Challenger 1 Main Battle Tank (MBT)
The Challenger 1 Main Battle Tank design was born from the aborted Iranian Shir 2 Main Battle Tank initiative following the 1979 Islamic Revolution.
Authored By Dan Alex; Content ©www.MilitaryFactory.com
The original combat "tank" was born out of the fighting that was World War 1. However, these were hardly representative of the vehicles that we know today to be "Main Battle Tanks". Within time, the "lozenge-shaped" vehicles of the First World War evolved to include cannon armament fitted to traversing turrets (the French FT-17 being a prime example) and less crew to manage the various required functions of the vehicle. It was not until World War 2 that armored warfare truly came into its own, beginning an "arms race" of sorts concerning tanks between world powers that ultimately produced the excellent Soviet T-34 Medium Tank and German Panther series as well as the notable American M4 Sherman and, ultimately, the late-war American M26 Pershing and British Centurion tanks. However, it was the Centurion that truly laid the foundation for the "main battle tank" category, ultimately being responsible for doing away with specifically-built tanks in the light, medium and heavy weight range classes. The MBT could now accomplish all of what was required in preceding designs.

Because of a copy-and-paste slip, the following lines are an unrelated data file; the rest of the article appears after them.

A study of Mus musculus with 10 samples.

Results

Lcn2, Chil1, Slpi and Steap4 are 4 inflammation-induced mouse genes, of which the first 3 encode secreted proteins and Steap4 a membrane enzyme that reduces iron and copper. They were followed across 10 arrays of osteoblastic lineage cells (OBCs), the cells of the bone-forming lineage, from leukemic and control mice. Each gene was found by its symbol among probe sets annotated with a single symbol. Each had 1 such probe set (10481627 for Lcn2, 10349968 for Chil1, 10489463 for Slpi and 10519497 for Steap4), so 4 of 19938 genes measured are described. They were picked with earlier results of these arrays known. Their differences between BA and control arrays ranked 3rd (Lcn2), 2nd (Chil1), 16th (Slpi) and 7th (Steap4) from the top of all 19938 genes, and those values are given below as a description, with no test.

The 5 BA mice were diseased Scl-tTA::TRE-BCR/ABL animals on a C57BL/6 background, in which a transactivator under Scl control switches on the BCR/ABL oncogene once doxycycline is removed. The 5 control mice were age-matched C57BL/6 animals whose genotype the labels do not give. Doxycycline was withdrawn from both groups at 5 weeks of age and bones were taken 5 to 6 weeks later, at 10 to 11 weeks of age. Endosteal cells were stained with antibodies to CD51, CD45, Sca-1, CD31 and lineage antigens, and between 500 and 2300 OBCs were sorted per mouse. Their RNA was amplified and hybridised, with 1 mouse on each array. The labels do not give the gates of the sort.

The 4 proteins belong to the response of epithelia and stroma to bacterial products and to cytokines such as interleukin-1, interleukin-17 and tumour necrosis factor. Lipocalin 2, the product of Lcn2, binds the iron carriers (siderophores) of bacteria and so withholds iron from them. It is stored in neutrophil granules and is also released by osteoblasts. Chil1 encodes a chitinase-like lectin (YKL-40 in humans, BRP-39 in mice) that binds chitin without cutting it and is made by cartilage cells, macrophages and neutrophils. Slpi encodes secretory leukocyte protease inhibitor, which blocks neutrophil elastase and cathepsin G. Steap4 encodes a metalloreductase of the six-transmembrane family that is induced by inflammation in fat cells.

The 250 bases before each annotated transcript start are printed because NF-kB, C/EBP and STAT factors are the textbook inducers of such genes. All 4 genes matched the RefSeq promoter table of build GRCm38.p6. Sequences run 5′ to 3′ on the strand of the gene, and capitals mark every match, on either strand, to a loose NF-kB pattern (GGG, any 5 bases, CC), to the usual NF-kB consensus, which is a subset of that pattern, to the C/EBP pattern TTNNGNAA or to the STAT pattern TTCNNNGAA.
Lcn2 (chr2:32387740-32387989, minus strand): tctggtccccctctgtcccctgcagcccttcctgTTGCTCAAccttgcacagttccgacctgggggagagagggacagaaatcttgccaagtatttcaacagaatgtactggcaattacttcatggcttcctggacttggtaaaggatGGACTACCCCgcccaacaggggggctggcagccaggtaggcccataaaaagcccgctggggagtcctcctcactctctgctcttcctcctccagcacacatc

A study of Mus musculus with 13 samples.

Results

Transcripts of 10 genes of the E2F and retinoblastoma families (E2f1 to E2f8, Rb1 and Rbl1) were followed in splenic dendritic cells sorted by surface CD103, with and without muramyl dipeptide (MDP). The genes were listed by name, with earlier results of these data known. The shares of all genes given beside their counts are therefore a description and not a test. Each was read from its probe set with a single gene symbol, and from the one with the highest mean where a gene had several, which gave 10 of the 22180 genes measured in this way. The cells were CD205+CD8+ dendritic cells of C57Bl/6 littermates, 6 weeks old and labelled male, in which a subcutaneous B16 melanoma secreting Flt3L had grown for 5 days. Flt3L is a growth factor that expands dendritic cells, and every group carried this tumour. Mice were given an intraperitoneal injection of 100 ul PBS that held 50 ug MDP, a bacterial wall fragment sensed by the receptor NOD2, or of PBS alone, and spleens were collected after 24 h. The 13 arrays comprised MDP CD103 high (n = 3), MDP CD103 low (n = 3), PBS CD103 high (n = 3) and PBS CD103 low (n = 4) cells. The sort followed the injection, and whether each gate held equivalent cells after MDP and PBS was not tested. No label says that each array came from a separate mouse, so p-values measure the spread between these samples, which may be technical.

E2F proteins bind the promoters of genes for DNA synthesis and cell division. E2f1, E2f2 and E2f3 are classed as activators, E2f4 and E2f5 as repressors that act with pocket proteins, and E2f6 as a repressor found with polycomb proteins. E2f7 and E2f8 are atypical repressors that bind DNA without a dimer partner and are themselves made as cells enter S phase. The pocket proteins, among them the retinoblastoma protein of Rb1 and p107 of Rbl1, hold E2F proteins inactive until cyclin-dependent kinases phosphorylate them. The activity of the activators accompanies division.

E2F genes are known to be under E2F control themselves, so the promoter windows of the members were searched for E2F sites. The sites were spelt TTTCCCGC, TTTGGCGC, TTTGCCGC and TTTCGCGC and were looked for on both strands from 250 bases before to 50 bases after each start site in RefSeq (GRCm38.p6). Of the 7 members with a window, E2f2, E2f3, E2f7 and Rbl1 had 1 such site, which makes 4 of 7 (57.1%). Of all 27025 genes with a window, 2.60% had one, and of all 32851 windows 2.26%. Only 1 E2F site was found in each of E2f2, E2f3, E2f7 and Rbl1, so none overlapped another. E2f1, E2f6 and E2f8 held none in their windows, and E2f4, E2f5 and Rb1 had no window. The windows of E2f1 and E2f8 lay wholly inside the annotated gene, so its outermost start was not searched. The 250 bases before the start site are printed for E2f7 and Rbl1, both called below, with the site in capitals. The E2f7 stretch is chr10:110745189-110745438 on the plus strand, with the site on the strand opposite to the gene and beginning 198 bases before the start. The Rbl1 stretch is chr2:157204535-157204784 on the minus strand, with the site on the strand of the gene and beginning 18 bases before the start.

The Centurion went on to become a post-war success story which saw thousands built and included various derivatives. By the time of the 1960s, there was a technological change in the wind and this produced the impressive Chieftain MBT for the British Army. The Chieftain became another excellent British tank design and this form mounted a reliable multi-fueled engine as well as a powerful and highly accurate 120mm main gun. If the Chieftain held any limitations it was in her engine which was never able to fully realize her output. Regardless, the Chieftain proved the most powerful tank of her time - a tremendous blend of armor and firepower at the cost of speed - that is until seated by the equally excellent German Leopard 2.